Diabetes is a debilitating disease that affects an estimated 3.8 million people in the UK, a figure that has more than doubled since 1996 (Diabetes Prevalence Model by Public Health England, 2016). This represents roughly 9% of the (adult) population. According to the same model, 90% of all cases are type 2 diabetes which is a manageable disease. The chances of getting this type of diabetes increases with certain risk factors such as age, weight, family history and ethnicity. It is a disease that can be prevented when lifestyle changes are applied. Diet management is important to avert diabetes and eating superfoods can help control sugar levels.
Breaking Down Sugars
When a person has type 2 diabetes, the body does not produce adequate levels of insulin to break down sugars. Controlling blood sugar levels, therefore, is important. In addition to being active, losing weight and taking medication to keep blood glucose on target, you can also make specific diet changes. You may choose what and how much to eat.
Eating foods that are low on the glycaemic index (GI) can help sufferers control blood sugar levels. The GI is an indicator of how quickly foods can raise blood glucose levels. Foods that have a low GI will release glucose slowly, which helps in weight loss. More importantly, it will help keep blood sugar levels under control.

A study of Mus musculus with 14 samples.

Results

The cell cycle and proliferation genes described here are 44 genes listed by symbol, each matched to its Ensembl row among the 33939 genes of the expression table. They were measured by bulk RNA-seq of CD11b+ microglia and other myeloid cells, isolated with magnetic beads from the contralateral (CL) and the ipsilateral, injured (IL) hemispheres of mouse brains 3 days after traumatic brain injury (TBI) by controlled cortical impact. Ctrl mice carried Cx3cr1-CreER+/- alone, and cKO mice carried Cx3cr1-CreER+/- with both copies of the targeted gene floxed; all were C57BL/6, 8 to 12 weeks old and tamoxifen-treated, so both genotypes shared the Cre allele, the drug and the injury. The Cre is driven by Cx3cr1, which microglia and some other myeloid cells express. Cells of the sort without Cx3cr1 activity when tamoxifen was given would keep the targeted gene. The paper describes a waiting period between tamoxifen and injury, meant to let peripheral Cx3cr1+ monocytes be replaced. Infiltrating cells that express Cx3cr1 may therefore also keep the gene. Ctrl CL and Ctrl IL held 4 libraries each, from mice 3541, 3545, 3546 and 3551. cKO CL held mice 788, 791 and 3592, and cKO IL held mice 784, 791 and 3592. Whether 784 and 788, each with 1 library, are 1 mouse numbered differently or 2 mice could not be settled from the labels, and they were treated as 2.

Foods that Are Good for Diabetes
There are several food groups that are low on the GI scale and can help type 2 diabetes sufferers. These are:
- Nuts and Seeds (Walnuts, Flaxseed, Peanuts, Cashews)
In general, nuts are great sources of healthy fats and fight hunger pangs. They also have low GI scores ranging from 27 for cashews and 7 for peanuts. Studies also show that consuming nuts on a regular basis reduces the risk of diabetes and cardiovascular problems (Lovejoy, 2005).
Berries are brilliant sources of vitamin C and fibre. In addition, they have antioxidant and anti-inflammatory properties. They also lower the risks of getting heart disease or cancer. Strawberries, goji berries, blackberries and blueberries are good choices for people affected by diabetes.
- Non-Starchy Vegetables
Artichokes, broccoli and asparagus are examples of non-starchy veggies with fewer carbohydrates. They are also low in calories and can satisfy hunger. Moreover, non-starchy vegetables contain abundant minerals, vitamins (C, A and K) and fibre for a balanced diet. Diabetics can eat as much of non-starchy vegetables without fear of overdosing on carbohydrates.